Last month, Gallup reported that 40 percent of Americans identify as conservative, 35 percent as moderate, and 21 percent as liberal; independents, who comprise the largest political group in the country, lean more conservative than liberal but mostly hang out in the middle. While banking on a small-government message to reach out to that necessary independent block, there was also conference debate about whether fiscal conservatism can or should be divorced from social conservatism. And as Romney showed by leading his speech with gay marriage, and the conference topic du jour was the Obama administration’s contraception sans co-payment mandate, there seemed to be little appetite for reaching out to moderates on a social-issues level.
Another theme that gets demoted in a presidential election year is how Congress will go, and CPAC was no different. The Tea Party played a key role in shaping the current makeup of the Republican House majority, and CPAC straw poll voters gave Congress a sky-high, sunny 70 percent approval rating. This was 48 percent in the nationwide poll. Across the voter spectrum nationwide, however, the congressional job approval average is a dismal 81.7 percent disapproval rating, with a record-low 10 percent of Americans approving of the job Congress is doing in a Gallup poll last week. Scott Rasmussen reported Sunday that more voters than ever see the Republican agenda in Congress as “extreme” — 52 percent.
In short, the right has turf to defend in November as well as new ground to overtake.
The politician most mentioned, most quoted in this meeting of conservative minds was, predictably, Ronald Reagan. But there was a noticeable lack of attention paid to what was a cornerstone of the Reagan presidency in terms of a focus on foreign policy, national security, looming global threats, and a strong military that now faces a budgetary ax to take readiness down to dangerous, one-conflict levels.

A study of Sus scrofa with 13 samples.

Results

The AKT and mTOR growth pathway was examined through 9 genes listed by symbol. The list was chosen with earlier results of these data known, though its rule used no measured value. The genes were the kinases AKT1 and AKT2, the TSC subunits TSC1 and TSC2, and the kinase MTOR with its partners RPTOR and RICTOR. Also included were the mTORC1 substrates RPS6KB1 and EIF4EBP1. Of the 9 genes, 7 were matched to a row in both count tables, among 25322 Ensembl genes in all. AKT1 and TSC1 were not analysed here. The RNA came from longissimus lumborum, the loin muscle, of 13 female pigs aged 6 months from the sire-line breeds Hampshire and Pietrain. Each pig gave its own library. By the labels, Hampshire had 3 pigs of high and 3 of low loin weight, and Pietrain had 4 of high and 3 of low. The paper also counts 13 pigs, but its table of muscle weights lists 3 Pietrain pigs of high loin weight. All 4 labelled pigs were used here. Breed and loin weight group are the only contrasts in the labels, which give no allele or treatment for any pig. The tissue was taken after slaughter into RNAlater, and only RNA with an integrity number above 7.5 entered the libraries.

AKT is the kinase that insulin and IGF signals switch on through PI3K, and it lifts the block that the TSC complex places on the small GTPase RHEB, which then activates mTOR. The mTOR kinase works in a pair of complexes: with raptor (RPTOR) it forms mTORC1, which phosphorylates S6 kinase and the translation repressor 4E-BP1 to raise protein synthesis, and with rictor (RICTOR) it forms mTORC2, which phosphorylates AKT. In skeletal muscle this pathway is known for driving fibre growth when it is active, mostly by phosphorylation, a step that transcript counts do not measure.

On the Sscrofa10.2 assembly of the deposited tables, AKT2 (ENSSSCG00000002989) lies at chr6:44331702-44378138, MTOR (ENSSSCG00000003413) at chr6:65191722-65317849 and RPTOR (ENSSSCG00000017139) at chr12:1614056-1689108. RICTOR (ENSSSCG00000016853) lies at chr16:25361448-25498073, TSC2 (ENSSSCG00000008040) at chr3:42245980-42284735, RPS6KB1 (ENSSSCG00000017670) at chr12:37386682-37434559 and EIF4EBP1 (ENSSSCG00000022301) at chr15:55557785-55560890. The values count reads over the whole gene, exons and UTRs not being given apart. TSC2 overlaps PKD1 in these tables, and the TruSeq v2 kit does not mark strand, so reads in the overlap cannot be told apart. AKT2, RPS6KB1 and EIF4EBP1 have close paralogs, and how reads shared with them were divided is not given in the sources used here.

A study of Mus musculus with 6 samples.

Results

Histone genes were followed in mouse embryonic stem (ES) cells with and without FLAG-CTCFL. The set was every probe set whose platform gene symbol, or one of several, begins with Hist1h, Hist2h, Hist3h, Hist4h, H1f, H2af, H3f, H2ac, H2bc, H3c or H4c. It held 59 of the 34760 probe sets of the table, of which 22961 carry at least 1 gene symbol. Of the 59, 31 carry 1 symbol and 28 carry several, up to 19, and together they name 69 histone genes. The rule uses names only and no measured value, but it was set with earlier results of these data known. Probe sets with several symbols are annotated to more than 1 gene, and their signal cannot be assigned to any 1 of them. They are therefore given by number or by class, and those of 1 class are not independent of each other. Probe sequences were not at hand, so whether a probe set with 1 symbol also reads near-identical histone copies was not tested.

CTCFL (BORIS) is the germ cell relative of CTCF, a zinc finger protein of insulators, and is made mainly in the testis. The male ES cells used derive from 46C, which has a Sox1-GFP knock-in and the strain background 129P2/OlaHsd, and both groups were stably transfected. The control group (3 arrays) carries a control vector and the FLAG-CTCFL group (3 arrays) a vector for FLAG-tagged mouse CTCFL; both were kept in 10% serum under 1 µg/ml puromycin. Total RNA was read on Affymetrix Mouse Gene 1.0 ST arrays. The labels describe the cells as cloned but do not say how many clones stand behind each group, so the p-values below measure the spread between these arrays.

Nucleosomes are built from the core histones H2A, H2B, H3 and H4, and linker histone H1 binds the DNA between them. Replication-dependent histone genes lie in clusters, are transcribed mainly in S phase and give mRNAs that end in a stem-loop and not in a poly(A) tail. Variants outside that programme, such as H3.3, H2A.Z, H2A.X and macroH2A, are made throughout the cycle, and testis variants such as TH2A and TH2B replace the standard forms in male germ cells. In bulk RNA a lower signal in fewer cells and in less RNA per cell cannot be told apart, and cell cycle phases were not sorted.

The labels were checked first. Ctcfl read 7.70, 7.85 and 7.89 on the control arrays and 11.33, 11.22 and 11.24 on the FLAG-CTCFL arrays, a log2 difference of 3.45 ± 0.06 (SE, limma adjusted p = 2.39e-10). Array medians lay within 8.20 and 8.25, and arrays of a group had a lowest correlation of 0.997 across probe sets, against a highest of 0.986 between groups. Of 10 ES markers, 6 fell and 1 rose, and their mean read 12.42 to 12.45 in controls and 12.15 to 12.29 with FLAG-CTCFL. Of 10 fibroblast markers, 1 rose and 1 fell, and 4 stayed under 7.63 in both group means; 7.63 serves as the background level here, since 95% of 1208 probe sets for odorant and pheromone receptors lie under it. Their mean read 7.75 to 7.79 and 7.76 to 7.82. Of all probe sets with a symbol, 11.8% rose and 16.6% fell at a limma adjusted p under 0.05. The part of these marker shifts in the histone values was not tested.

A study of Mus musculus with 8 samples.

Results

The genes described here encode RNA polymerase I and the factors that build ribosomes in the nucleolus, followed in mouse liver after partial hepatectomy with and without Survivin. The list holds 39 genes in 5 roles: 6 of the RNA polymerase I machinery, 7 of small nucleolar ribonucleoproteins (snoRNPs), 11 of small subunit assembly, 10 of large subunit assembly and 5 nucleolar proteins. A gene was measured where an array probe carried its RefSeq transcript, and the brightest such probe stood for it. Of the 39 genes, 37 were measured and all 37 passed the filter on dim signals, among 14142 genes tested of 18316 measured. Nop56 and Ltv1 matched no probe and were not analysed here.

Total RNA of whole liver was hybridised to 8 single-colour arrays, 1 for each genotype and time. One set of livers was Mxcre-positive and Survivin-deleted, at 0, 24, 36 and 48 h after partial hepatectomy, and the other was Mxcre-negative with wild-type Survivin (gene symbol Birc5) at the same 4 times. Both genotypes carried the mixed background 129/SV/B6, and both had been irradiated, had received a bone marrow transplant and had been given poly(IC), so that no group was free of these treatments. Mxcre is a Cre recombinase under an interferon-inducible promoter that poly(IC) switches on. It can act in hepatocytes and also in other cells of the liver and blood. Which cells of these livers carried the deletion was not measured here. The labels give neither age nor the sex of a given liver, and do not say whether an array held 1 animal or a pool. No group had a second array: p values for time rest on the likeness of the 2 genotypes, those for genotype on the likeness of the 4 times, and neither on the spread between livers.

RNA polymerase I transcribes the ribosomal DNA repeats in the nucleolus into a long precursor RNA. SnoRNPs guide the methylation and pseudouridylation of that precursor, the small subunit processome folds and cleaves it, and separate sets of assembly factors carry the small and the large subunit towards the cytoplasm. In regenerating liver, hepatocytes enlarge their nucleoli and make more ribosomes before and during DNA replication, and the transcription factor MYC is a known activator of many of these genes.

When asked about personal core beliefs, both CPAC and nationwide conservative voters identified individual freedom and small government as the key issue, followed by promoting traditional values. Twelve percent of CPAC voters and 13 percent in the nationwide poll picked guaranteeing American safety at home and abroad as the driving issue, though the gauge was most definitely thrown off by what the Washington Times tacked onto the end of that question: “regardless of the cost or the size of government.”
In general, though, this reflects nationwide trends where, when asked to rank important issues, voters push terrorism, national security, and wars to the low single digits, or relegate foreign policy to the “other” bin altogether.
While some of the main speakers threw in a line or two about a nuclear Iran being unacceptable, foreign policy issues clearly ranked lower on the totem pole than others at CPAC.
These crucial issues will get a much-needed spotlight in three weeks, when Israeli Prime Minister Benjamin Netanyahu comes to town for the AIPAC conference to dish what will assuredly be a hearty helping of reality for Washington — and America.